Contact: Keely Hopkins, Pacific States Assistant Manager
Why it matters: California’s law-abiding hunters and shooters have long played a vital role in funding conservation and wildlife management efforts throughout the state. Under the American System of Conservation Funding (ASCF), a unique “user pays-public benefits” structure, California’s sportsmen and women generate tens of millions of dollars each year for the California Department of Fish & Wildlife. These funds are generated through license sales and an 11% federal excise tax on sporting-related goods, including firearms and ammunition. Decreased firearm and ammunition purchases that result from additional taxes and costs would have a negative impact on conservation funding in the state.
After a rollercoaster of procedural moves during the 2021 session, AB 1223 is now active once again in the California legislature. AB 1223 would impose a 10-11% tax on all firearm and ammunition purchases in the state. This bill was allegedly designed to “mirror” the federal excise tax paid by sportsmen and women to fund conservation efforts via the Pittman-Robertson Act. However, the revenue in this case would not be used to fund conservation, and would instead go to a program that would fund, “gun violence prevention programs.”
This bill was defeated on the floor during the 2021 session, however proponents used procedural maneuvers to add an “urgency clause” to the legislation, which exempted the bill from regular deadlines and rules, and allowed the bill to be brought up for another floor vote at any time during the session, including now. The bill’s proponent has since been working to shore up the additional votes needed to pass the legislation, which is why it is critical for California residents to make their voice heard by contacting their Assembly member and urging a “No” vote on AB 1223.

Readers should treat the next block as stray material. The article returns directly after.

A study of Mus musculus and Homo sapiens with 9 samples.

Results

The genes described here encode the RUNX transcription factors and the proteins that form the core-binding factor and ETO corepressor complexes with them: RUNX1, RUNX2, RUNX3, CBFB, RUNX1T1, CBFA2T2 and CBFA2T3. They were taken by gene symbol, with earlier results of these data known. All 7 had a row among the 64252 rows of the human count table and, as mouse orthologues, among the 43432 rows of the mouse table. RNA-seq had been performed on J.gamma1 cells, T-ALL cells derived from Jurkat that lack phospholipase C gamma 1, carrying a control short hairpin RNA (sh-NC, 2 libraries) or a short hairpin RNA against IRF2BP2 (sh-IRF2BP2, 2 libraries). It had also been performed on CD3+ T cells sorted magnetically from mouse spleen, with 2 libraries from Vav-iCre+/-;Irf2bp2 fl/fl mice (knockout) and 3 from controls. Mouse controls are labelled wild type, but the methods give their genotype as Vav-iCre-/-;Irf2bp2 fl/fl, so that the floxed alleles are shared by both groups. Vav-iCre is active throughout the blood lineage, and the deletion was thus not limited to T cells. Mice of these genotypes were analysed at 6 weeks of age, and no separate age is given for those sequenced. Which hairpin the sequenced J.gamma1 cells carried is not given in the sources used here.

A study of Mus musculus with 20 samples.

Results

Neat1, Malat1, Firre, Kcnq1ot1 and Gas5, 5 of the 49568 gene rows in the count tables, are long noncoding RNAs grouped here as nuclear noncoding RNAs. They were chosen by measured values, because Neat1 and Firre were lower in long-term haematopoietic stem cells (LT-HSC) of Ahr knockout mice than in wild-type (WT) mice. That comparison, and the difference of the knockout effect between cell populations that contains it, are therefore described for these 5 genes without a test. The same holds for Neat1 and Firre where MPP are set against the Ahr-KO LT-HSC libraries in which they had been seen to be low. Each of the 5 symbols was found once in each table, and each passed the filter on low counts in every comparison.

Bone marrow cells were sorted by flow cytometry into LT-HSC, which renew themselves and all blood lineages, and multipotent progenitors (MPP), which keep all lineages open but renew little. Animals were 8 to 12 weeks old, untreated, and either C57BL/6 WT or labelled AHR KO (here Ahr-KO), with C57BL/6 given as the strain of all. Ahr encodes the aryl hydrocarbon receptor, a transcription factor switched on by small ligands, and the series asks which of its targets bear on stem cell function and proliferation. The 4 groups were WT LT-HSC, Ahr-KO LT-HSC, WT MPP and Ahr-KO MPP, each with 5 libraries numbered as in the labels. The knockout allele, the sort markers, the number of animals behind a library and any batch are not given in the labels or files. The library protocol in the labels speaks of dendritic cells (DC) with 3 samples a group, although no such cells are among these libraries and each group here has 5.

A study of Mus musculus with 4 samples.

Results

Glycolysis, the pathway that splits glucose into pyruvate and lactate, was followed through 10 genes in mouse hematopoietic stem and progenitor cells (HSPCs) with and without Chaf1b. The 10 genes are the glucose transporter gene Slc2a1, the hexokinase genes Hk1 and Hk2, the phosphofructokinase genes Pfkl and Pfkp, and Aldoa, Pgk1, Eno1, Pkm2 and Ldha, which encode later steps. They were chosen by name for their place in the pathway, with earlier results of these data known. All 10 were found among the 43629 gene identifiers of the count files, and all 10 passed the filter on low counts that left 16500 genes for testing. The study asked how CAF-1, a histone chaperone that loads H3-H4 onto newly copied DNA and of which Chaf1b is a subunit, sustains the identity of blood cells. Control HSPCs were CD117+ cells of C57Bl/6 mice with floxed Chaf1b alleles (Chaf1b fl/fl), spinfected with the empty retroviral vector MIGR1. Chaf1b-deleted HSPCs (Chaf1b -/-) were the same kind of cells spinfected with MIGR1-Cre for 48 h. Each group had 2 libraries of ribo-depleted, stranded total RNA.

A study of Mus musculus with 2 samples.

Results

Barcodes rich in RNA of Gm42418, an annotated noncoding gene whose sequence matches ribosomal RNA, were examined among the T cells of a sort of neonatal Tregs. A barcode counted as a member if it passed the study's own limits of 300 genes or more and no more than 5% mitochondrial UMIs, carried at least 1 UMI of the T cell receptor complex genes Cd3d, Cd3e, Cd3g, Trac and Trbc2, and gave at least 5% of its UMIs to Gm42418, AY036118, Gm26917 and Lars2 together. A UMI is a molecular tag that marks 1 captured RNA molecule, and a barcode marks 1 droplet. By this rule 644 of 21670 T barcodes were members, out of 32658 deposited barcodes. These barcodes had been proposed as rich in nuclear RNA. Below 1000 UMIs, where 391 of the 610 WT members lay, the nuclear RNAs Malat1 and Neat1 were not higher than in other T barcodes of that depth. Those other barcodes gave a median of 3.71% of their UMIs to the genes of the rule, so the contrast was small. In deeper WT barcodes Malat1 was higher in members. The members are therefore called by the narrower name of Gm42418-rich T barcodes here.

Each year, California’s sportsmen and women contribute tens of millions of dollars to the California Department of Fish and Wildlife, providing vital revenue to help carry out their mission of managing the state’s diverse fish and wildlife, and the habitats upon which they depend. These funds are generated through fishing and hunting license sales, and also through the purchase of sporting-related goods. Under the Pittman-Robertson Act, California’s hunters and recreational shooters pay an 11% excise tax on all firearm and ammunition purchases, which in turn funds a large portion of the state’s wildlife management, conservation, and research efforts. If passed, AB 1223 would place an additional tax on top of the existing taxes, thereby driving up the costs of these goods, reducing their sales, and in turn, reducing the conservation funding which all California residents enjoy.
The Congressional Sportsmen’s Foundation (CSF) has been opposed to AB 1223 from its introduction, testifying before both Assembly committees and joining coalition partners in submitting several opposition letters. If the bill fails to receive a floor vote on January 31st, or is defeated on the floor, it is still possible for the bill sponsor to reintroduce the proposal as a new piece of legislation by the February 18th bill introduction deadline. CSF will continue to work in opposition to this proposed tax and will keep you updated throughout the process.
Studies conducted at both the state and federal level have found that the number of hunters and trappers have been on a generally declining trend over the past several decades. To increase recruitment, retention, and reactivation (R3) of hunters and trappers, which initiative do you think would have the greatest impact?